Covid: Dr Hilary Jones provides update as UK infection rates rise
Speaking about the current wave, he explained there seem to be some key differences in the symptoms being reported.
Professor O’Neill told Newstalk: “One extra symptom for BA.5 I saw this morning is night sweats.
“The disease is slightly different because the virus has changed.
“There is some immunity to it, with the T cells and so on, and that mix of your immune system and the virus being slightly different might give rise to a slightly different disease – with strangely enough – night sweats being a feature.”
Night sweats leave your sheets completely drenched and soaked. This might even prompt you to change them.
This sign that strikes at night is also no stranger to the initial Omicron variant known to cause different symptoms to the original Covid strains.
However, there could also be many different conditions that present themselves with this symptom.
This is where other Covid symptoms step in, helping to identify the virus.
According to the NHS, the full list of signs includes:
- High temperature or shivering (chills)
- New, continuous cough
- Loss or change to your sense of smell or taste
- Shortness of breath
- Feeling tired or exhausted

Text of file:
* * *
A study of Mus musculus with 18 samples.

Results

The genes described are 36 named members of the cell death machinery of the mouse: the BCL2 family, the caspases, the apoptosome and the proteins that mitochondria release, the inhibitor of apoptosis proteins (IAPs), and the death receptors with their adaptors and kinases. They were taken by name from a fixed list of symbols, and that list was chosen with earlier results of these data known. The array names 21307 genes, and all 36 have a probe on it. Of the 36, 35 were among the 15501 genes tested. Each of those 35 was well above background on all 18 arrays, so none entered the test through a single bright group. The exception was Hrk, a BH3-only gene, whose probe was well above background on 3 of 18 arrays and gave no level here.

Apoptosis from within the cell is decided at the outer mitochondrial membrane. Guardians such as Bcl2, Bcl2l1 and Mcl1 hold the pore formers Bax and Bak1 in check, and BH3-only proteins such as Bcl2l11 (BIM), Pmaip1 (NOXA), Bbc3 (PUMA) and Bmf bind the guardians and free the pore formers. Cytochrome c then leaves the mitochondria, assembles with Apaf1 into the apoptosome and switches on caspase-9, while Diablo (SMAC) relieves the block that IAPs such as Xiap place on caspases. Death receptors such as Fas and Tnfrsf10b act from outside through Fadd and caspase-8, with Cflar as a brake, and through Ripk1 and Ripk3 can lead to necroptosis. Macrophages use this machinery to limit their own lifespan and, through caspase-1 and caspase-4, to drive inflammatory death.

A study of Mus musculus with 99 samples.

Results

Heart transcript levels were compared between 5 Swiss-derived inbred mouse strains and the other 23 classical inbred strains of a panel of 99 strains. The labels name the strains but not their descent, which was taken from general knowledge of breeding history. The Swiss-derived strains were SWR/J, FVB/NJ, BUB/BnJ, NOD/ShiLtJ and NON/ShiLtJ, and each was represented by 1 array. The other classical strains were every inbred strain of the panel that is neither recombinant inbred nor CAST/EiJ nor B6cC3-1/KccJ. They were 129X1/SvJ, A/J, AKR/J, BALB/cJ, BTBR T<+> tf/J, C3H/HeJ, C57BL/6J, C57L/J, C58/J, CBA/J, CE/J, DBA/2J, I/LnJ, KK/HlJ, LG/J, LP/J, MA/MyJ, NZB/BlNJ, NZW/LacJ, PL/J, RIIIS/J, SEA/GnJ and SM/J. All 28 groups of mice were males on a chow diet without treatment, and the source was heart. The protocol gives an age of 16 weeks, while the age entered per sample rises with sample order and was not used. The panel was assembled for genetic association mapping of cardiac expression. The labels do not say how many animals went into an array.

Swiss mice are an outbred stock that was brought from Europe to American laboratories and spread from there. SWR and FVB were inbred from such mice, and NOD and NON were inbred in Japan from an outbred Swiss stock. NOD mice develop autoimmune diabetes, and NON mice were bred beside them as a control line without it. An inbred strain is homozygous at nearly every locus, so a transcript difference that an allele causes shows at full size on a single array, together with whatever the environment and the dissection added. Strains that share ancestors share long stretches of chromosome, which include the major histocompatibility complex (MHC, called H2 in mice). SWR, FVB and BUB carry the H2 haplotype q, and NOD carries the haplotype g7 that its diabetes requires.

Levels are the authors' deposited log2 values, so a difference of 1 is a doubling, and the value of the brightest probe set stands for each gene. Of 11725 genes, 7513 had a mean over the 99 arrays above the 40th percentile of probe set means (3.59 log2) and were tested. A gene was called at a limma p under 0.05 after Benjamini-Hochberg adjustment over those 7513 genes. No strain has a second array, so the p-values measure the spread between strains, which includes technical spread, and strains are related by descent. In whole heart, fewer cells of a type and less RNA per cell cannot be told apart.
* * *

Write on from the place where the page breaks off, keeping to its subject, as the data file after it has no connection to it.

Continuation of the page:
- Aching body
- Sore throat
- Blocked or runny nose
- Loss of appetite
- Feeling sick or being sick.
If you experience these symptoms, the health service still recommends staying at home and avoiding contact with others.
He said: “Most cases in Ireland at the moment would be BA.5, for instance, same in the US.
“It’s another curveball that has been thrown at us by this virus, and BA.5 is the dominant variant that’s out there at the moment.”
This variant alongside BA.4 is also thought to be fuelling the current outbreaks across the whole of the UK.
Fortunately, the new subvariants don’t seem to be any more fatal but they are spreading quite quickly.
Omicron BA.4 and BA.5 also seem to be able to re-infect people who’ve had Covid recently.
While the current vaccines might not be the best match for these Covid strains, the professor shared that the jabs are still important.
Professor O’Neill said: “Very importantly, if you’re vaccinated and you’re boosted, it doesn’t progress into severe disease.
“Remember the ones who are getting sickest are unvaccinated or haven’t had the booster.”